Trapped by M. Terry Green

Series note: Trapped is the second White World novel, and picks up the plot where Iced left off. I would not recommend reading these books out of order as they form a single story.

TrappedThe tiny peak was barely visible, even to Thirteen’s eyes. But there was no mistaking the lopsided cone. Volcano Helado was on the eastern horizon. She should have called it out, shouted the sighting to Cord and Miyu. But the words stuck in her dry throat. Her lungs ached with the pent-up air she should have used to yell. Only a sharp pang in her chest forced her to release it. Although her eyes burned with the need to blink, all she could do was stare. The volcano luminesced a hot white, even against the glare of the ice. But finally her timing took over. She needed to scan port and starboard.

Visibility on the vast Pacifica Ice Sheet was good, though no longer infinite. As they neared the edge of the plateau, it fractured. Massive uplifted plates tilted at every angle. The trimaran skimmer sailed at a decent clip, though not nearly as fast as it was capable. They picked their path, riding up and down the colossal, sloping slabs. The trim of the mainsail and jib needed constant adjustment to keep the blades from skidding. They’d escaped the slaver fleet by ditching their starboard hull, so now the ship was unbalanced and hard to sail. They couldn’t reach top speed or even enough to hover. But even at this pace, they’d covered plenty of ice in only a few days.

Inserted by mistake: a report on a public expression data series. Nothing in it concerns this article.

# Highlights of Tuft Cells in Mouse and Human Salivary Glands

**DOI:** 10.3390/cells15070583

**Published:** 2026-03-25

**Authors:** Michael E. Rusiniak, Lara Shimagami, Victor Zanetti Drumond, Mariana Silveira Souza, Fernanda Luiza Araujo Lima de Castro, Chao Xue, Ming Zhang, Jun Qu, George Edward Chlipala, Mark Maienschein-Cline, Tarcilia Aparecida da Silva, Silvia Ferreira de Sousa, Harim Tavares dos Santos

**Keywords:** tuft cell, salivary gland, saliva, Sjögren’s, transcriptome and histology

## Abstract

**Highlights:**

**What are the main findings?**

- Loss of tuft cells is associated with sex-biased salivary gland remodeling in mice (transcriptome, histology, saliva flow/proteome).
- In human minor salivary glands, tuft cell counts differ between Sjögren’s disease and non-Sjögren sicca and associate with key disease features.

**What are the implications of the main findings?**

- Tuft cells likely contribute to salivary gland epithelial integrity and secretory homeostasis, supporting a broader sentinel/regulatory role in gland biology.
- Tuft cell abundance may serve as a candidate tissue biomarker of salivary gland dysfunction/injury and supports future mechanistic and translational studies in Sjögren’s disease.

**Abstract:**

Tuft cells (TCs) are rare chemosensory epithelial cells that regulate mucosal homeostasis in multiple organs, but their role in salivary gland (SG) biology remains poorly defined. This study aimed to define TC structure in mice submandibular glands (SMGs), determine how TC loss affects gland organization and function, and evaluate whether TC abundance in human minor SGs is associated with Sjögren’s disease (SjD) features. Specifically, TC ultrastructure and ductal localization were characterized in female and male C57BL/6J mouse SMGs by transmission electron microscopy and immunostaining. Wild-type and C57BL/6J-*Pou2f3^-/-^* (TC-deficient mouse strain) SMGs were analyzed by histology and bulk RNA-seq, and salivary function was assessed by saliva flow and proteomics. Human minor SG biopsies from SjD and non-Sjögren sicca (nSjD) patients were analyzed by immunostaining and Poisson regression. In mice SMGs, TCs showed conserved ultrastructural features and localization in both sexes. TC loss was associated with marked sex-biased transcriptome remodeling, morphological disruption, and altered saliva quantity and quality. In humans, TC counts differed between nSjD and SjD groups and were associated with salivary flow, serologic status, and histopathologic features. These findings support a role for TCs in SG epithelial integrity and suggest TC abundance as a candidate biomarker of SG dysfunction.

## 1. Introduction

Trapped takes up the story directly after the events of Iced, in which we were first introduced to the fugitives Thirteen, Cord, and Miyu. Despite their recent lucky escape, however, Thirteen is determined to head straight into the jaws of the predator in order to search out her sister — her only family, and as far as she knows, the only other person with her unusual, ice-adapted physiology. And Cord has promised to help her.

The sight of the volcano on the horizon is encouraging, but Thirteen’s optimism is premature, as there’s a wide crevasse between them and their target. With a damaged ship, getting to the other side will involve a lengthy detour or a high-risk manoeuvre across the vasse. Feeling the pressure of time, Thirteen argues for the quicker route, but even she can’t predict what lies, not beyond, but within the vasse itself.

I’ve loved the way Cord and Thirteen interact since they first met in the previous book, and they’re still working things out. Even more charmingly, Thirteen is learning to get on with Miyu, Cord’s daughter — a big thing for her since she doesn’t really have experience with handling children.

Meanwhile, in the palace, the crown prince is scheming and the king is growing suspicious. We see only hints of motives and methods, within the court, but it’s enough to show a different side of life, and to foreshadow the tension that’s bound to follow when Thirteen eventually reaches her goal.

This is a quick read that continues Thirteen’s story, as well as dropping hints about something more going on with Cord. It ends on a major cliffhanger, so I’m hoping we won’t have too long to wait for the next one.